I was invited to Zee News for discussing assembly election results and there I had the opportunity to talk to Arif Mohammad Khan, who once was a state minister and an active politician, famous for being the Muslim face who quit Congress when Rajiv Gandhi, then enjoying a mammoth majority in Lok Sabha, took steps to overturn the Shah Bano judgment to please Muslim fundamentalists.
As trends appeared to settle down and it looked like BJP was all set to win Uttar Pradesh (and it has swept the elections like the 2014 Lok Sabha elections as I write), some people started talking about kabristan-shamshan and “polarization”.
Mr. Khan too agreed that some “communal” polarization helped BJP in Uttar Pradesh, but he put the blame squarely on the “secular” parties for triggering this polarization.
He had an interesting argument. He said that Hindus can’t be polarized out of thin air i.e. one can’t expect Hindu votes to consolidate due to some religious slogans or due to some religious campaigns on its own. He said that Hindu polarization can happen, and does happen, only in reaction to Muslim polarization.
To support his argument, he pointed out that if Hindus could be polarized just on religious lines, parties like Jan Sangh should have done rather well in elections in newly independent India, when memories of partition were fresh. But nothing of that sort happened, as Muslims who stayed back in India were not a “vote bank” yet in Hindu eyes.
He argues that the Hindu polarization started happening only after the Shah Bano case – i.e. as a reaction to what was seen as a policy of appeasement and vote bank politics. And that grew to take shape of Ram Janmbhoomi movement eventually.
In the same regard, he referred to the AK Antony report – prepared by the Congress party to analyze the causes of 2014 Lok Sabha defeat – where it was pointed out that Congress’ secularism was seen as “Anti Hindu”. Even on air during discussion, he suggested, rather beseeched, the Congress representatives to go back and read that report and reflect.
In December 2015, I had written about this Antony report, and what I thought was Congress’ takeaway from it. I had argued that Congress thought that perhaps it was better to “guilt trip” the Hindus (through campaigns like “rising intolerance”) rather than take any step that corrects this impression of its secularism being “Anti Hindu”.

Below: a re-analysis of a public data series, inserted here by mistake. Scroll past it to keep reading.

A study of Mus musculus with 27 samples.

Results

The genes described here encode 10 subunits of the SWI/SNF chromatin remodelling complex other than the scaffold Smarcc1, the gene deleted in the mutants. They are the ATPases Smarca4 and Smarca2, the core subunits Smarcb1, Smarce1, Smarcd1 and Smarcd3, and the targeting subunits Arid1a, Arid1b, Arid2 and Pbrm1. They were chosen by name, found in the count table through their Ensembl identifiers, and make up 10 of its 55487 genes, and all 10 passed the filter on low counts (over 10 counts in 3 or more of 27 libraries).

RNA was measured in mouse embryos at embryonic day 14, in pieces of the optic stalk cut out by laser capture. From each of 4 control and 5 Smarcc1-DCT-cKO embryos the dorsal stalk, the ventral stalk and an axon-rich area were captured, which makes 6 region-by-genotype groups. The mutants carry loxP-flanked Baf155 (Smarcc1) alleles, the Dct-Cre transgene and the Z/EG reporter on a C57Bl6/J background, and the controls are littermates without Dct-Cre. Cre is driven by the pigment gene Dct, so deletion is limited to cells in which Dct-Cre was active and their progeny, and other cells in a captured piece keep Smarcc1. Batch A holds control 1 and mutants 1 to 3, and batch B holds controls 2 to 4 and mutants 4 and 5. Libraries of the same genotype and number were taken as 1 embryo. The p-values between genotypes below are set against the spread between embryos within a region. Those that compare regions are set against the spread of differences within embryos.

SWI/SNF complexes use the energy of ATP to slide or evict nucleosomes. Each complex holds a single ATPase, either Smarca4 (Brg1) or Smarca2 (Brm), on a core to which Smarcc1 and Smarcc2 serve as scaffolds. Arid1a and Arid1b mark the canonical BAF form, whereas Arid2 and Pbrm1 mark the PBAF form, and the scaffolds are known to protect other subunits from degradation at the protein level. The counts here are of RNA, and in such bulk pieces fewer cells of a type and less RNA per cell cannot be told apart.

As per Arif Mohammad Khan, the moment Congress and Samajwadi Party came together, it was a signal of Muslim vote consolidation – for there is nothing else common between the supporters of the two parties except Muslim votes – and this in turn caused Hindu consolidation.
Now I may tend to agree with this observation due to confirmation bias, but perhaps there is much merit to it.
The first thing that came to my mind is that if Congress and Samajwadi Party coming together could signal Muslim consolidation, why did the same not happen in Bihar where everyone came together against the BJP?
Maybe because in Bihar coming together of RJD-JD(U)-Congress was seen as caste consolidation rather than communal consolidation. The reservation controversy triggered by some statements by RSS leaders too made sure that in Bihar, it remained about caste rather than religion. Even though BJP did try to raise the cow slaughter issue in the last leg of elections, the polarization couldn’t be as successful, as it was not in reaction to any perceived Muslim polarization?
Nonetheless, it doesn’t look like Congress is going to heed to Arif Mohammad Khan’s advice of taking Antony’s report seriously, because their “rising intolerance” strategy appeared to give them victory in Bihar.
Even though they have lost Uttar Pradesh, don’t think they will even remotely link it to what Mr. Khan said. And maybe that will continue to be a good news for the BJP.